By Byron Holland
President and CEO

The ‘Stop the Net Grab’ campaign ooposes certain proposals by member states to an upcoming international conference of the the ITU. 

I am throwing my support behind an international campaign that started on Monday to oppose certain proposals by member states to an upcoming international conference of the International Telecommunication Union (ITU), the body that is responsible for telecommunications traffic globally. While there are some very valid proposals in the mix, such as regulating mobile roaming, there are other proposals that would seek to put certain key elements of the Internet under control of the ITU, a United Nations co-ordinated, multi-national body. A number of ITU member countries are expected to put forward proposals to amend the International Telecommunications Regulations (ITRs), with the objective of regulating key aspects of the Internet at the upcoming World Conference on International Telecommunications Regulations (WCIT) in Dubai in December. The proposals that concern me most seek to regulate (1) quality of service, (2) billing settlement and (3) security. I am an outspoken supporter of the multi-stakeholder model for Internet governance – the model currently employed by ICANN, the organization at the centre of the Internet governance world – and have written about this subject before.

Why do I believe it would be a mistake to have the above noted elements of the Internet fall under the control of the ITU? First, the telephony model that the ITU uses to govern telecommunications cannot be ported directly to the Internet as it is incompatible based on the Internet’s architecture, not to mention that tracking network transactions to calculate billing is practically impossible.

Second, the rapid pace of innovation and development of the Internet can be attributed to its bottom-up management and open standards setting processes and to the limited scope of regulation by national governments. The ITU’s top-down decision-making processes run counter to evolutionary approaches to changing technology. Additionally, there is a potential for unrelated higher level state-to-state politics to interfere with Internet governance decision-making. This could curtail the rapid innovation in technology and applications that has characterized the Internet and risk slowing down the development and diffusion of this platform for innovation, creativity, education, entertainment, development, and social interaction.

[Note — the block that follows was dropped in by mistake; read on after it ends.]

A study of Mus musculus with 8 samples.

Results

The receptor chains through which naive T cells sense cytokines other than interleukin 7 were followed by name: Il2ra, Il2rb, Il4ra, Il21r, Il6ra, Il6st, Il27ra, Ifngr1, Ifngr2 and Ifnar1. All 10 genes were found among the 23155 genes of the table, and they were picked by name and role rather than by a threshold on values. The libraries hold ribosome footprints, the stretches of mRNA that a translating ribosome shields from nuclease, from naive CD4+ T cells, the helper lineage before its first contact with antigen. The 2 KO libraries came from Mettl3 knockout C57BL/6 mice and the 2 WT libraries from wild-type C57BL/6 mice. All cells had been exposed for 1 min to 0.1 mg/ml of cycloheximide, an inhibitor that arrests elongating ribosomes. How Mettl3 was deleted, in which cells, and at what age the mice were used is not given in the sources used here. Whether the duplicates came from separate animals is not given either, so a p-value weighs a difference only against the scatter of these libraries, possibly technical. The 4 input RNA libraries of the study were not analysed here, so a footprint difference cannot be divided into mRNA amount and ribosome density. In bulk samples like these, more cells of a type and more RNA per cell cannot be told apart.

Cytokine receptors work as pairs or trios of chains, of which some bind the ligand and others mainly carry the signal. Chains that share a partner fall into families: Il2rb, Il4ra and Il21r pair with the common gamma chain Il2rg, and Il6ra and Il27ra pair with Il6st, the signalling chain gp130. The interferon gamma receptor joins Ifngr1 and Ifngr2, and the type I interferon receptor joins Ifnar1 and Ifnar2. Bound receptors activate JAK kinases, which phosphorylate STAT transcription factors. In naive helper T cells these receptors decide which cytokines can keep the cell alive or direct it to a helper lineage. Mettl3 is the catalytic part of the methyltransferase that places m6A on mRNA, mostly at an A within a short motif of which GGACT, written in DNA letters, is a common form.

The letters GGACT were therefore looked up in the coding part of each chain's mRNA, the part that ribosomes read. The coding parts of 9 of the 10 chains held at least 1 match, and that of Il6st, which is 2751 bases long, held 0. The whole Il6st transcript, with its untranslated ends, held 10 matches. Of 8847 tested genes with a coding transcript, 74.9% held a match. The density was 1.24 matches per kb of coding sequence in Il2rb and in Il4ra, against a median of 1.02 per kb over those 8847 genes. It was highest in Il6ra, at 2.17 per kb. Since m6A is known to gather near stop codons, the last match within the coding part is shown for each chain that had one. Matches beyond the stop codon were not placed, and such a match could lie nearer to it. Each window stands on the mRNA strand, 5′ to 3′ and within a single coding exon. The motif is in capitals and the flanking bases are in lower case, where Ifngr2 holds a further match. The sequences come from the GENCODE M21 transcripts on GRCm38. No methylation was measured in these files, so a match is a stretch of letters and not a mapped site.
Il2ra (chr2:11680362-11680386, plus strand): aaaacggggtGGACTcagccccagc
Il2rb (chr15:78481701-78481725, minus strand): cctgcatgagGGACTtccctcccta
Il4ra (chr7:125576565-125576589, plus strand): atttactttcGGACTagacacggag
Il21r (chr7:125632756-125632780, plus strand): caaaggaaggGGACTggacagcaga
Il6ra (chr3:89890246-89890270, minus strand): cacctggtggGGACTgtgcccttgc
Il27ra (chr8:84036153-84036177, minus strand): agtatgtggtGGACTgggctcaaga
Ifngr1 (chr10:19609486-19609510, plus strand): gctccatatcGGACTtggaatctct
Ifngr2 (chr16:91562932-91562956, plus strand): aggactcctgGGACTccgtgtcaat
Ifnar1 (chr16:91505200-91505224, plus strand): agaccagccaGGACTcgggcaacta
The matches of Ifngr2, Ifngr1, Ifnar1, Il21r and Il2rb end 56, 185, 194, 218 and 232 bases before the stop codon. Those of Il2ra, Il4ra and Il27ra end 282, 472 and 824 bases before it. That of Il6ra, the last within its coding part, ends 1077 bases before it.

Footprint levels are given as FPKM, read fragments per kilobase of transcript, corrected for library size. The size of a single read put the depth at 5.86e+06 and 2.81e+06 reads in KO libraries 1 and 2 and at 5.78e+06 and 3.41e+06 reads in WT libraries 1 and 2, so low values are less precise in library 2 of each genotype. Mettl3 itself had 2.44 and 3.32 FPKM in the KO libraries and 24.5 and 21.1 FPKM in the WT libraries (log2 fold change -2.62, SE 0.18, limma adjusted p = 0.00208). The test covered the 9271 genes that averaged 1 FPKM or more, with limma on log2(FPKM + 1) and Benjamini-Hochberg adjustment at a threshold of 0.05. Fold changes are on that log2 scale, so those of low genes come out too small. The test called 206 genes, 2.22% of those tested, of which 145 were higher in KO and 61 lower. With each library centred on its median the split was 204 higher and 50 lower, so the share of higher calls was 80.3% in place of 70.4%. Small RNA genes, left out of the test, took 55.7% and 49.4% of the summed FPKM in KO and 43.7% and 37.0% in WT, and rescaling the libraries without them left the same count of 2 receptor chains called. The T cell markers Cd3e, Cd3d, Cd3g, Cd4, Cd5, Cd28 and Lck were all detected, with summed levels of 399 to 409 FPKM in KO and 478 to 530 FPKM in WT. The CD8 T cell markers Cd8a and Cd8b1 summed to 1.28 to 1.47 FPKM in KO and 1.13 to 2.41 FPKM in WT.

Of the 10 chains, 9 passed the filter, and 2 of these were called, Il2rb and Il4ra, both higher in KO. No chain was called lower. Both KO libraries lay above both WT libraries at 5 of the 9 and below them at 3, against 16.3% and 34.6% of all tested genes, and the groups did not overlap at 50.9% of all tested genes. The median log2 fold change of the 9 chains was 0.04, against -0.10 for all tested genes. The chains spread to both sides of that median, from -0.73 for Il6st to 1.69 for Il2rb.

Third, I would caution that the focus of certain ITU member states on security is being used as a siren song. Yes, there are many very serious security concerns facing the Internet today, and I have no doubt this will continue in the future. We need to think this through carefully, however. Is a state-to-state body the right kind of entity to regulate security? The widely held concern of many in the Internet community is that states that are less than democratic will use their influence to ensure the Internet is more closely monitored, rather than safeguarding its free and open nature.

I am not alone in my support of the multi-stakeholder model. Countries, individuals and organizations from around the world support the current system for running the Internet, including the Canadian government. At a recent meeting of the International Corporation of Assigned Names and Numbers (ICANN), the President of the Treasury Board, the Honourable Tony Clement also reaffirmed the Government of Canada’s support for the multi-stakeholder model of Internet governance. This is a governance model that reflects the uniqueness of the Internet itself which we must work to preserve and evolve. Personally, I do not believe this success can be replicated with the aforementioned proposals being put forward for approval at the ITU meeting in December.

The multi-stakeholder model may not be perfect, but I do not believe it is in the best interests of Canadians, or the global population, to throw the proverbial baby out with the bathwater. I’ll explain this in a future blog post. I therefore call on you, as a member of the Canadian Internet community, to support this initiative in opposing proposals that would see the ITU regulate the Internet’s quality of service, billing settlement and security.

Please take the time to sign this online petition showing your support for the free and open Internet. This petition can be found here.  

About the author
Byron Holland

Byron Holland (MBA, ICD.D) is the president and CEO of the Canadian Internet Registration Authority (CIRA), the national not-for-profit best known for managing the .CA domain and developing new cybersecurity, DNS, and registry services.

Byron is an expert in internet governance and a seasoned entrepreneur. Under Byron’s leadership, CIRA has become one of the leading ccTLDs in the world, with over 3 million domains under management. Over the past decade, he has represented CIRA internationally and held numerous leadership positions within ICANN. He currently sits on the Board of Directors for TORIX, and is a member of the nominations committee for ARIN. He lives in Ottawa with his wife, two sons, and their Australian shepherd, Marley.

The views expressed in this blog are Byron’s opinions on internet-related issues, and are not necessarily those of the organization.